Charlottesville, Va., April 15, 2008 - By combining the use of stents and photodynamic therapy, also called SpyGlass, physicians at the University of Virginia have been able to significantly increase survival rates for patients suffering from advanced cholangiocarcinoma, cancer of the liver bile duct.
"Most patients who develop this type of cancer cannot have surgery as it is diagnosed at such a late stage, so there was not much we could do except offer them palliative care," said University of Virginia Gastroenterologist Michel Kahaleh, M.D., lead investigator of the study. "By combining therapies, we saw an improved survival rate from just more than 7 months to more than 16 months."
In the study, recently published in the March 2008 issue of Clinical Gastroenterology and Hepatology, 48 patients were treated with advanced cholangiocarcinoma over a five year period. Twenty-nine patients were treated with biliary stents, with the remaining 19 being treated with the stents and photodynamic therapy (PDT). The stents decompress the bile ducts, maintaining liver function. The combined therapy group received treatment every three months, at which time all stents were replaced.
The combined therapy group had survival rates of 16.2 months compared to the stent-only group's 7.4 months. Mortality rates in the group that received PDT was 0, 16, and 56 percent at three, six, and 12 months respectively. Mortality rates in the stent-only group were 28, 52, and 82 percent respectively. Kahaleh said the number of stent-replacement procedures and PDT sessions were the only factors which significantly impacted survival.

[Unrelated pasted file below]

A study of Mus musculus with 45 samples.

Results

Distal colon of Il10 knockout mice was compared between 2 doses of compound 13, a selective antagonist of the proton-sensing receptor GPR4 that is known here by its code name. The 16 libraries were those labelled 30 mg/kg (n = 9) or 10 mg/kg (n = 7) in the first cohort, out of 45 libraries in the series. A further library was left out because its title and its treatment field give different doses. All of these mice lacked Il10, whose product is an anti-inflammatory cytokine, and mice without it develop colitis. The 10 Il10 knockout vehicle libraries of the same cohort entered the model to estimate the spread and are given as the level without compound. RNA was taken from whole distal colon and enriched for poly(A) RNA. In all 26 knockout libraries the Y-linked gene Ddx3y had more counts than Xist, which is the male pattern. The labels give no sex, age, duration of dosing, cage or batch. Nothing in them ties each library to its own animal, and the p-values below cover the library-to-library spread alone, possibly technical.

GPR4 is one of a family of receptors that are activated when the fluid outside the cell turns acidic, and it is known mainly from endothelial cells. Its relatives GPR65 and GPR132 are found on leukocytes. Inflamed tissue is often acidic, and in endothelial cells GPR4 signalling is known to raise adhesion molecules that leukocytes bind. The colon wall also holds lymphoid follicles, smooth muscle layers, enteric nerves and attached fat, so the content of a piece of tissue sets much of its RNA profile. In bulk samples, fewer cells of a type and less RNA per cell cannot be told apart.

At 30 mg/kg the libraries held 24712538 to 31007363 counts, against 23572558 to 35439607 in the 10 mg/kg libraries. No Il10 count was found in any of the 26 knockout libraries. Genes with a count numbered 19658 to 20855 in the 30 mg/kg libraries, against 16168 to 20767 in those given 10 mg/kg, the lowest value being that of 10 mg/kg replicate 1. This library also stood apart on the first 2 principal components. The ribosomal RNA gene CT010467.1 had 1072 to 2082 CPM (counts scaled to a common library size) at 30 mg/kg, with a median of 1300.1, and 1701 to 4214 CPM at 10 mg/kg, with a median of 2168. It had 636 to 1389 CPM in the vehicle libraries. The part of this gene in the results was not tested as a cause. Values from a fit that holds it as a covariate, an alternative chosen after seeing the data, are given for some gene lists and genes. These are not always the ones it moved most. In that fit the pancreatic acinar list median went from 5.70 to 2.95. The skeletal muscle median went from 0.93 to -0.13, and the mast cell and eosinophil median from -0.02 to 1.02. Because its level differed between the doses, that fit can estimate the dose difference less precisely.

Photodynamic Therapy treatment uses a photosensitizing agent (porfimer sodium in this study) which is activated using light of a specific wavelength, which then kills the targeted cells. PDT has been used for more than a decade to destroy cancer cells and reduce tumor size.
Cancer of the liver bile ducts is the second most common liver cancer and has significant mortality and mortality. Of the approximately 2,000 cases diagnosed each year, the vast majority of patients survive up to three months without intervention or four to six months with decompression treatment.
"Stents alone do not destroy or shrink the tumors or cancer cells. We were not surprised that the combined therapy offers a significant benefit to the patient, as this is accepted treatment in Europe," said Kahaleh. "However the FDA (Food and Drug Administration) wants to see more data so we have completed what we believe is the first published comparative American study on the treatment."
Kahaleh hopes to begin a multi-center trial within six months.